Han said Samsung would hit 100% renewable energy and net zero emissions by 2050, and the DX division (which makes TVs, phones, and appliance) would hit 100% renewables by 2027 and net zero emissions by 2030.
Samsung gave a preview of Relumino Mode, which will come to select 2023 Samsung Neo QLED 8K and 4K TVs this year to make content viewing possible for people with vision impairment. Relumino Mode highlights outlines and improves contrast and color so that content is clearer and easier to enjoy.
In addition, Samsung also displayed a new pair of Relumino glasses, which first debuted at CES 2018
as part of its startup acceleration program C-Lab project, as well as its mobile app to make the visual
experience better and more personalized.
intelligence (AI). Those experiences enabled by spatial AI – like in the JetBot AI+ – are laying the groundwork for better in-home experiences specific to the dimensions and environment of your home.
The connected experience is also extending to your commute. Marcus Futterlieb from Harman unveiled
Samsung and Harman’s plans to inject a new level of intelligence, personalization, and convenience
into the in-cabin experience (ICX). Harman Ready Care uses machine learning to gather and process data from the car’s sensors to measure driver drowsiness and distraction, providing tailored interventions to mitigate risks and help improve the well-being of the driver.
Han said Samsung Electronics is devoted to a vision for a “calmer connected world” through tech that enhances the lives of people with smarter and more intuitive experiences. That connected world will also be more sustainable, he said in the company’s press event at CES 2023.
“We recognize our vision is a big one,” said Han. “It’s about solving real challenges today and understanding consumers’ future needs and aspirations. It will take time, innovation, and cooperation
with partners worldwide. But we are committed to achieving it, and already getting started.”
Samsung announced that many of its TVs and smartphones use recycled materials, including recycled
plastic from discarded finishing nets, while the company’s home appliances, memory and 5G radio
network chipsets are contributing to energy savings for customers. In addition, Samsung’s connected
services, such as SmartThings Energy and AI Energy Mode, are also helping consumers save energy
and cut costs while lowering their overall climate impact.
Samsung also partnered with Patagonia, a leader in outdoor clothing, to discuss a partnership to combat the issue of microplastics – the tiny particles often found in clothes and released into oceans, lakes, and rivers through the laundry. Vincent Stanley, director of philosophy at Patagonia, said the companies have developed a new wash technology called the Less Microfiber Cycle, currently being incorporated into Samsung washing machines, which can reduce microplastic release by 54% during a laundry cycle.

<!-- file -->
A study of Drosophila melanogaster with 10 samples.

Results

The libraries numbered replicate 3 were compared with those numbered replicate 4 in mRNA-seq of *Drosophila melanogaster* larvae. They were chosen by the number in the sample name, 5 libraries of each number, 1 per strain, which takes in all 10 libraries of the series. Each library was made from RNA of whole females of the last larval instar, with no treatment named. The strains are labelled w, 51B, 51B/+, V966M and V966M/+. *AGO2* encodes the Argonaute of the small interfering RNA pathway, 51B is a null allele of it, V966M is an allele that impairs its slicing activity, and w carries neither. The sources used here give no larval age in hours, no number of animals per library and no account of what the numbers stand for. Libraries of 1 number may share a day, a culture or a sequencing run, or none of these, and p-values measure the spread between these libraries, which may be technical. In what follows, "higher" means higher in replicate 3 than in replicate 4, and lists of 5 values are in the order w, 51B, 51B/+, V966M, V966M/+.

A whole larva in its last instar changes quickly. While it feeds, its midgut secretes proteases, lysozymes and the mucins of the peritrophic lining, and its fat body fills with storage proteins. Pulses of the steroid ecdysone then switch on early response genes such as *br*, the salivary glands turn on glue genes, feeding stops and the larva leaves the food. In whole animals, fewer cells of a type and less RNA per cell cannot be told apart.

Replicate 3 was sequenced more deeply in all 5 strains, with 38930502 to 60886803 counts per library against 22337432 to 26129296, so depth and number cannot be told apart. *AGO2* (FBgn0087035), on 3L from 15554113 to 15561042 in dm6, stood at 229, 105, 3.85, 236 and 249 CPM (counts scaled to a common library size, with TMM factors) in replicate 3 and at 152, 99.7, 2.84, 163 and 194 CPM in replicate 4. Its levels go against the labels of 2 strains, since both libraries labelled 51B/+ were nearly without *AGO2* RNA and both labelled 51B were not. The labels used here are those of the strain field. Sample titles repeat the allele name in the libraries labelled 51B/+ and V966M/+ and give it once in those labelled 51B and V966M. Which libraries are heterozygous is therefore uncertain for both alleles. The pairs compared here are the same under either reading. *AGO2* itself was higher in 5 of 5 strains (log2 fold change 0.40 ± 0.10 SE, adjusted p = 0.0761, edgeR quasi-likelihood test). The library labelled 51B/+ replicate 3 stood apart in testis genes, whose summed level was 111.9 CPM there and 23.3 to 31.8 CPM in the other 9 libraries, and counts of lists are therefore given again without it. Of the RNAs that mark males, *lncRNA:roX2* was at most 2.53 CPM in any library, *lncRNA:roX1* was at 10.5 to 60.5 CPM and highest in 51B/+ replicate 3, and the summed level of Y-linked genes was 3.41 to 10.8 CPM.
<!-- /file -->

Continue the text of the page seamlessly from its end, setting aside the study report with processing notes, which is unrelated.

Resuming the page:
Like the Less Microfiber Cycle, Samsung and Patagonia recently developed the new Less Microfiber Filter, which reduces microplastic discharge by preventing them from escaping into the ocean at the end of a wash cycle.
Samsung also said its SmartThings Home Monitor and SmartThings Pet Care can monitor and share alerts for anything out of the ordinary – for people and pets.
TVs and Hue lighting
The focus on connected experiences also extended to unveiling new partnerships, including a collaboration with Philips Hue. Jasper Vervoort, general manager at Philips Hue, discussed a new way to sync the content from Samsung TVs with Philips Hue lighting through the Philips Hue Sync TV app, which can be downloaded from the app store on Samsung TVs. This is the first solution to sync lighting and content from Samsung TVs without additional hardware.
With more devices connected than ever, Samsung also detailed how security and privacy innovations
will be keys to building connected device ecosystems. Samsung Knox Matrix will conveniently and safely sync credentials across devices, while protecting sensitive information via multi-layered mutual monitoring enabled by private blockchain technology.
Samsung also launched a new Android smartphone, the Galaxy A14 5G, which has a long-lasting battery, better selfie quality, and expandable storage. The $200 smartphone is the most affordable 5G smartphone in the Galaxy family. It has a 13-megapixel front camera and a triple-lens rear camera and it has built-in health-tracking features.